Philosophy in action
By Bec Crew
Like most Sydney graduates, Daniel Stacey (BA Hon ’05) will never forget his favourite teacher. Describing the classes of Professor Paul Redding from the Department of Philosophy as nothing short of transformative, Stacey was appalled to find the research of his former honours supervisor very publicly targeted by the Coalition’s Scrutiny of Government Waste Committee last September.
“The Coalition would look to targeting those ridiculous research grants that leave taxpayers scratching their heads wondering just what the Government was thinking,” said head of the Committee, Federal MP Jamie Briggs, singling out Professor Redding’s Australian Research Council (ARC) project, The God of Hegel’s Post-Kantian idealism, as one of the worst offenders.
Stacey, the Editor of ABC Radio National Online, took to his regular column on Fairfax’s Daily Life website to discuss just how valuable philosophical research and education have been to him in his professional life, and also to those of our most influential politicians and leaders – including Tony Abbott himself.
What prompted you to write the article?
I wanted to talk about my personal experiences of studying philosophy, its practical applications, and its importance to intellectual and political life.
Prime Minister Tony Abbott is himself from an intellectual background. In his autobiography, Battlelines, and in profiles like David Marr’s essay Political Animal, it’s clear that [Australian political activist and journalist] B A Santamaria’s modern compassionate Catholicism, as well as the Thatcherite economic theory Abbott was exposed to at Oxford, have both played a large role in defining his political outlook. Both these strands draw from a rich tradition of Western Philosophy. Margaret Thatcher herself drew heavily on economist philosophers like Friedrich Hayek.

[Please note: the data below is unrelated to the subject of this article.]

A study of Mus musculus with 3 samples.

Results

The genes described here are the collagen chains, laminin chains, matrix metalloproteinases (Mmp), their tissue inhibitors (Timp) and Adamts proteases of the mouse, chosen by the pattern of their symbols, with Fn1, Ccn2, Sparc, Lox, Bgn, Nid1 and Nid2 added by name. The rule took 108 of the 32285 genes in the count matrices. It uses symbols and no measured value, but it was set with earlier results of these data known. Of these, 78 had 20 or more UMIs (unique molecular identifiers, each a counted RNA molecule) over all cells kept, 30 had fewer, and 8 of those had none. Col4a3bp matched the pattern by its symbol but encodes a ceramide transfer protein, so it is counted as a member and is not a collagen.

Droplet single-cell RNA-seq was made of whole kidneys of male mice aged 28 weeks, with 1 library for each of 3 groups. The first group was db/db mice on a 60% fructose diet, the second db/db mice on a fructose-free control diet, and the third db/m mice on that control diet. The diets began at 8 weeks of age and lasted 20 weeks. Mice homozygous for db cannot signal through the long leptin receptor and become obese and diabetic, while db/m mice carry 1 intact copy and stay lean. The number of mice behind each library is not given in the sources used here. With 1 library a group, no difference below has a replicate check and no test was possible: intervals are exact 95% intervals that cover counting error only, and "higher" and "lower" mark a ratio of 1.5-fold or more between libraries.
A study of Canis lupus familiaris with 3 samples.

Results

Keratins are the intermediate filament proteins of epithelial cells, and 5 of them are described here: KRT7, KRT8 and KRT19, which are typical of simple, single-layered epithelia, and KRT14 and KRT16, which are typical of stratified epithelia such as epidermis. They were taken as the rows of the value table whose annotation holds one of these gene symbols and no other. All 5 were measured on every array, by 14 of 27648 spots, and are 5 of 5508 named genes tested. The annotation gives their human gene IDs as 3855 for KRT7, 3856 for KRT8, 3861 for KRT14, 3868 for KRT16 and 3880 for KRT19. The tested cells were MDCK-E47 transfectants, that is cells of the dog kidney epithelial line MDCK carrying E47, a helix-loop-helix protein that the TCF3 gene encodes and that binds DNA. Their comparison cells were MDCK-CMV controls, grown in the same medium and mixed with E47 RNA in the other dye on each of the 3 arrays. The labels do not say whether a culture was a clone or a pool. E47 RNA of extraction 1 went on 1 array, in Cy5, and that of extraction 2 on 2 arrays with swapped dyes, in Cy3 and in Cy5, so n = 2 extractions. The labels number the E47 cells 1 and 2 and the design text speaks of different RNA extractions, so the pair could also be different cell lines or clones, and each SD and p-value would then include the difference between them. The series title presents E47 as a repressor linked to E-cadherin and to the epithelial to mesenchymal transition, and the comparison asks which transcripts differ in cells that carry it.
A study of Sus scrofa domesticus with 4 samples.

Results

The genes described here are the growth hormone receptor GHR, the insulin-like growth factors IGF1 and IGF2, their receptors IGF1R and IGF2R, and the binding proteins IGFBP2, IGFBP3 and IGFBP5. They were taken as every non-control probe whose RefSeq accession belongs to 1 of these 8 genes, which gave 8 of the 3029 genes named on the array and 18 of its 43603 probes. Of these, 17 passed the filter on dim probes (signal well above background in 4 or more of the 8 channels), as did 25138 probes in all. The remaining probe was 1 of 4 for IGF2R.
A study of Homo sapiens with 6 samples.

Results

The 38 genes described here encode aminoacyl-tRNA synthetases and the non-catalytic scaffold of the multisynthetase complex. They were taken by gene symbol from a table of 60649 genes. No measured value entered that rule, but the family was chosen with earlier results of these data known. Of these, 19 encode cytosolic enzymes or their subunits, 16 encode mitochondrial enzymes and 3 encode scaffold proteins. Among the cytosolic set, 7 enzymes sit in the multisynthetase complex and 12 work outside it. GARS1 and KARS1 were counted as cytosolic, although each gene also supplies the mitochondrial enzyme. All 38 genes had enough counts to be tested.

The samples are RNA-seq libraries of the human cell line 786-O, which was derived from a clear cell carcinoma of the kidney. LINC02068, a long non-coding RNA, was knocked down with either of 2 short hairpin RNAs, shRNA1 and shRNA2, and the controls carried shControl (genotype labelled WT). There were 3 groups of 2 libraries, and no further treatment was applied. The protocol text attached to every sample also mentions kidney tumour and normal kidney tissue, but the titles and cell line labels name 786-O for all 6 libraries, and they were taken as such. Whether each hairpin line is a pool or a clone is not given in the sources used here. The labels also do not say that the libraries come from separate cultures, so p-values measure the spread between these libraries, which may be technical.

There will always be a need for philosophy. In a hypothetical universe where philosophy as a discipline was erased, it would regenerate pretty well immediately. Smart people would find themselves facing intractable problems in trying to run modern states, modern businesses, and in navigating their everyday lives. They would set up institutes and think tanks to solve these problems. Those groups would run in to bigger problems, and they would set up philosophy departments to solve them.
That is pretty well, on the back of a napkin, how many universities were established, as existing religious orders (Oxford) and legal schools (Bologna) outgrew their original purpose. Renaissance thinking likewise encouraged rulers to consider a thirst for knowledge as something that enriched the whole of society, and so to fund universities. Nothing much has changed, and that these values remain enshrined in the ARC grant system should surprise no one.
How did your time at university prepare you for your career?
After finishing my honours thesis under Professor Redding, I moved to London and started a publishing business. Philosophy gave me the confidence to look at problems across a range of fields, from fine-tuning the ideas of writers and other contributors to the magazine we published, to pitching for business and developing major creative projects with partners like the Victoria & Albert Museum and Channel 4. I also reviewed literature for The Australian across Europe, and associate produced the Emmy Award-winning film Saddam’s Road to Hell, which was later used as evidence against deposed president Hussein in his trial for human rights abuses.
Philosophy trains you to think critically, and to be confident exploring new subject areas. At the same time, it forces you to express yourself as clearly as possible.
Philosophy is misunderstood by a large part of the population and unfairly victimised. It doesn’t seem tangible, although it is.
One way I think philosophy can demonstrate its influence in the real world is not through new technology, or culture, but through people. By observing the leadership choices of people informed by philosophy, we can see it in action.